Author : @er | Published: Thursday, May 3, 2018

The Ministry of General Education and partners have launched a framework that aims at providing a sound direction to all education stakeholders on how to overcome barriers to girls’ education.

The National Girls’ Education Strategy 2018-2022 was launched on Wednesday under the theme: “Creating a conducive and safe environment for girl’s education”.

The plan outlines barriers to girls’ education in three categories; Household and community level barriers, school-based barriers and policy and system level barriers.

According to the Minister of General Education and Instruction, cultural practices, conflict and poverty, which are under household and community level barriers, still remain major obstacles to girls’ education.

“In our society many only take boys to school and the girls are not taken to school. We know over 1.8 million children are out of school based on the study we did together with UNICEF in 2013,” said Deng Deng Hoc.

“They are mainly in the former states of Eastern Equatoria, Warap, Northern Bar el Ghazal, Lakes Unity and Jonglei.”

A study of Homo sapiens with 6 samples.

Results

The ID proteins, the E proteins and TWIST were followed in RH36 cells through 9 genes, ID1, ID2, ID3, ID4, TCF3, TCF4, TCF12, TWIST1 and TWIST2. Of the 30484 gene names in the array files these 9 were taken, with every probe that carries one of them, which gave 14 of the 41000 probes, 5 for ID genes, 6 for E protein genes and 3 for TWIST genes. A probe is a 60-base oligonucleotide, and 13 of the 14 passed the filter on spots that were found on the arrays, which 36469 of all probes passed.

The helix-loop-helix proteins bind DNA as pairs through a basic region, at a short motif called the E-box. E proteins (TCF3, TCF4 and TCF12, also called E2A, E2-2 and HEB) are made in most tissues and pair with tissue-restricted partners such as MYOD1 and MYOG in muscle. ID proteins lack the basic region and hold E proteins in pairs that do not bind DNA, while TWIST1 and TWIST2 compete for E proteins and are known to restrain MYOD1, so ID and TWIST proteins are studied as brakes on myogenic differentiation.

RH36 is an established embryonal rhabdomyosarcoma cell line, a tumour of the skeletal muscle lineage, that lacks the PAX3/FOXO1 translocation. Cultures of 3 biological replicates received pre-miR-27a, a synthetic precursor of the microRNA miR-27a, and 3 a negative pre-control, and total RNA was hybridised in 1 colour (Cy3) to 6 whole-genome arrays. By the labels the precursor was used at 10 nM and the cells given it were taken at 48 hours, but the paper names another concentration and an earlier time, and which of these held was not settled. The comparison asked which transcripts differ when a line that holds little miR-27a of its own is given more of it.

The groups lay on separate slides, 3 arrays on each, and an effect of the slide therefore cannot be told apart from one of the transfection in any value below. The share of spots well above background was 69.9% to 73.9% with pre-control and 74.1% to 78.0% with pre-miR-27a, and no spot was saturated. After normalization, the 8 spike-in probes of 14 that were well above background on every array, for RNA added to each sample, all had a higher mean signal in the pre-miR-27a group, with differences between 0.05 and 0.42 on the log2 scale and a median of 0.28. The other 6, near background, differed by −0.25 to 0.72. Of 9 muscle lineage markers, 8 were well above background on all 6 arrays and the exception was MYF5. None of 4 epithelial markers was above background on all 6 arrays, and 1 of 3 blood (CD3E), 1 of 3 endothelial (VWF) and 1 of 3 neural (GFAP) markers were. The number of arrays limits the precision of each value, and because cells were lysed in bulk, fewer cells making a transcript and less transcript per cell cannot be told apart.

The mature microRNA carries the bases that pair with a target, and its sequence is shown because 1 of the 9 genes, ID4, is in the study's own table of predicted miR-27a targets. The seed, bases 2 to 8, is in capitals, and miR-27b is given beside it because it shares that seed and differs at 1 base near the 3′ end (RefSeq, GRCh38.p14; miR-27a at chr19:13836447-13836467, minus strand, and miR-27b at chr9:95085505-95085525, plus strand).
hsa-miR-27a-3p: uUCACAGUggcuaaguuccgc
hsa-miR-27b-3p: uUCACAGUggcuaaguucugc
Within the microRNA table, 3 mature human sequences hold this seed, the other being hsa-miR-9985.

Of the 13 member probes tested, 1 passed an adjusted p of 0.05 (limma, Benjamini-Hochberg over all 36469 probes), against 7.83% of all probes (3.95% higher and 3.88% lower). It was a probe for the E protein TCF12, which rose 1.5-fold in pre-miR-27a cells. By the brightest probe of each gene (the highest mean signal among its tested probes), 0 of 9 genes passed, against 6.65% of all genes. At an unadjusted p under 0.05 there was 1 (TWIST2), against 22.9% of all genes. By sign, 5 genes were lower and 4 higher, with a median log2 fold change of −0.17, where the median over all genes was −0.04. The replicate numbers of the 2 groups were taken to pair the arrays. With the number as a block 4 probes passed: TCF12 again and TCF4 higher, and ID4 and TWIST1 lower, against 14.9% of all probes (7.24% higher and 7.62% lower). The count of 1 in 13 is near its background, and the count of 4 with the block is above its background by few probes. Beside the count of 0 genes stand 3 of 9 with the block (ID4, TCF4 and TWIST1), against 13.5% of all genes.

Among school-based barriers to girls’ education are high turnover of teachers, curriculum and language instruction and destruction of learning spaces and occupation of schools by armed groups.

For policy and system level barriers, lack of affirmative action for female teachers has been outlined.

The girls’ education framework also gives seven strategic directions to the barriers to girls’ education.

They include strengthening governance of complementary education programs and sector, policy development and strengthening of legal framework and improving access to learning outcomes in primary and secondary schools.

Others are improvement of child-friendly schools, professional development of teachers and school managers, build effective education partnerships and coordination and community behavioral change and public communications.

“We are expecting some $1.9 billion to come from China, $300 million has already been allocated by the cabinet,” said Mr Deng.

“The UK government has allocated 70 million sterling pounds for phase two of the Girls’ Education South Sudan program and this money will be enough to fund intervention for the next five years.”

This money, according to him, will be used to build more schools and improve the education system that will be conducive for girls’ education.

The Ministry of Education and its partners also developed an implementation toolkit for the plan.